Thursday, March 8, 2012

On money in politics.............

Craig Newmark notes that in the old days it was not illegal to bribe 
politicians.  Pictures of Jim Fisk, Jay Gould, the Erie Railroad, and 
the New York State legislature come to mind.  While bribery is no 
longer preferred, the money spent influencing the game continues
to increase, despite all efforts to staunch the flow.  He offers this 
     ".....anybody who wants the money out of politics has only 
one reasonable way to proceed: make the government smaller 
and less powerful. Put differently: nobody spends a lot of time
and money trying to influence the local government's dog 
catcher. John notes beautifully in the abstract, 'The irony is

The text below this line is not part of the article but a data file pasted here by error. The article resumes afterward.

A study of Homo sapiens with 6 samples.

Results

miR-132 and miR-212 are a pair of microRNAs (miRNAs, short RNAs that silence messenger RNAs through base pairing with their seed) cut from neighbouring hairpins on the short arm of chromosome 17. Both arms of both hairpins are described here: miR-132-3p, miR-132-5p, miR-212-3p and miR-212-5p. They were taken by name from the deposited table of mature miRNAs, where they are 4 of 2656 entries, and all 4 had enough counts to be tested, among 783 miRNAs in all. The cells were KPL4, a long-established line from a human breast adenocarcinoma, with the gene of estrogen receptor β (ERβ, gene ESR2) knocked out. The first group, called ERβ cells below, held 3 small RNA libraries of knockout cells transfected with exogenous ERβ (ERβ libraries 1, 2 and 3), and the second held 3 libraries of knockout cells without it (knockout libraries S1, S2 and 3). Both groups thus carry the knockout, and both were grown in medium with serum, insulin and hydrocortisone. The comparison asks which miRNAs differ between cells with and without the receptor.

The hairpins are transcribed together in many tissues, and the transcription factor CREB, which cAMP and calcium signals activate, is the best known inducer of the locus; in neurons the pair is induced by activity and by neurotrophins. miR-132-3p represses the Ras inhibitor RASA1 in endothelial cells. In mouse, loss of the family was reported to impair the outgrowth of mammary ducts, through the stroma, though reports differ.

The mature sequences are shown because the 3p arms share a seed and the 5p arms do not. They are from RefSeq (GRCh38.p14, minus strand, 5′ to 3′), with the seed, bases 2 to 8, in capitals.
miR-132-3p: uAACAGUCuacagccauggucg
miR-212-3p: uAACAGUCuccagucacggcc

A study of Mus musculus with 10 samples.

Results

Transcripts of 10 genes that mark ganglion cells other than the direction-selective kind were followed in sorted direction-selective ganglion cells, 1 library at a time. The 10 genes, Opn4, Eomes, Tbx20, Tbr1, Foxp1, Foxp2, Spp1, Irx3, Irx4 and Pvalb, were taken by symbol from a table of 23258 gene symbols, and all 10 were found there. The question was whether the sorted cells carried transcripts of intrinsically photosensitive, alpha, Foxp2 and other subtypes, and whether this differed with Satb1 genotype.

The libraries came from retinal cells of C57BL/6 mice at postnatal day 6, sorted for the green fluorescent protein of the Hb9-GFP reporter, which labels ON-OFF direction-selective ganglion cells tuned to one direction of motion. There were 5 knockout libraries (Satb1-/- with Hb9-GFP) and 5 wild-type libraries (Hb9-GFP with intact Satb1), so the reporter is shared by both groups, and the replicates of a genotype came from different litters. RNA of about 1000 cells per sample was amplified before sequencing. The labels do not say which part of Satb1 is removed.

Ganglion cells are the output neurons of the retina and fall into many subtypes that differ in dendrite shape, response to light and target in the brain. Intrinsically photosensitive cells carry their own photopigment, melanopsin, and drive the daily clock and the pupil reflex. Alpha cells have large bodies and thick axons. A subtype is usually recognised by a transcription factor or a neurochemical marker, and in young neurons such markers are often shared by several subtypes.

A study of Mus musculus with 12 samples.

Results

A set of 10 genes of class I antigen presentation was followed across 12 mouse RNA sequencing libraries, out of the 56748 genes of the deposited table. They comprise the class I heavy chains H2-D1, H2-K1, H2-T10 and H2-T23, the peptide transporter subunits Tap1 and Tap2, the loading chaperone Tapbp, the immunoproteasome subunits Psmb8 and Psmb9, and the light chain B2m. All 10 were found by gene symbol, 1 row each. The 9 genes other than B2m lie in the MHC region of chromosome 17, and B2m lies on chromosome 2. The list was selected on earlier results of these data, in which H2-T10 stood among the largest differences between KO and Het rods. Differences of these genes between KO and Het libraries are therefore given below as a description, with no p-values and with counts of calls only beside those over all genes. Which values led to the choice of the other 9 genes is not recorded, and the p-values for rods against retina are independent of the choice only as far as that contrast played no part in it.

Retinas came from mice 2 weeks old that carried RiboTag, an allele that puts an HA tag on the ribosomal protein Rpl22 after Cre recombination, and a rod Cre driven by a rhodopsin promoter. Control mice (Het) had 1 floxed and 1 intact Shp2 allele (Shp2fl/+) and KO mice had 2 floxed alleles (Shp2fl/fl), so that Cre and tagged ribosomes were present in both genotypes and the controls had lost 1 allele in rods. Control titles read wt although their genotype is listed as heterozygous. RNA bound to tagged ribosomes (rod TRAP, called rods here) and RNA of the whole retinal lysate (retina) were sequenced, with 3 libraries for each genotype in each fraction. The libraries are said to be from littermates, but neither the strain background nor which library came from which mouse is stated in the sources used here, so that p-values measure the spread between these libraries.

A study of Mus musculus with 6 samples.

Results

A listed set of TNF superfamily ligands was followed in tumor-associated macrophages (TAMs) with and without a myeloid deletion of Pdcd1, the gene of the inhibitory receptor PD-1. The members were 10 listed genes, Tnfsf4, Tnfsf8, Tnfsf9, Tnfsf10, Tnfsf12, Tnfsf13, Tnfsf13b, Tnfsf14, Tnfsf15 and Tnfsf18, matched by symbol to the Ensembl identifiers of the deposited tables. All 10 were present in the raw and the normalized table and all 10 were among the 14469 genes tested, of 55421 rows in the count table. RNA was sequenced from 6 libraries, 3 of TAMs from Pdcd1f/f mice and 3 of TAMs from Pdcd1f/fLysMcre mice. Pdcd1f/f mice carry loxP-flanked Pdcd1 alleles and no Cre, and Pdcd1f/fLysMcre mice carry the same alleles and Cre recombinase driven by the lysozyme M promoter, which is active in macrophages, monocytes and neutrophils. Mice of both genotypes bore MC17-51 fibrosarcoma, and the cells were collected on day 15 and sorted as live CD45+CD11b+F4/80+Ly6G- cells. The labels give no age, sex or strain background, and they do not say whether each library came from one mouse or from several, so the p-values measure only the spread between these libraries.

that those who seem most concerned about the level of 
campaign expenditures are also frequently the ones who 
most strongly support increasing the size of government.'"

Might one suggest that a "flat tax" system is another way to reduce 
the money spent trying to influence Congress?  I suspect the 
number of lobbyists seeking preferential tax treatment for their 
"special interest" group is an overwhelming percentage of the total 
number of lobbyists.  From the hinterlands, it certainly appears 
that Congress has figured out that tinkering with the tax code is a 
great way to generate campaign contributions.  Wouldn't  it be 
interesting if the tax code was used solely to raise revenue for
the operation of government,  and not  used to reward, punish, 
or manipulate behavior?   Hey, a guy can dream, can't he?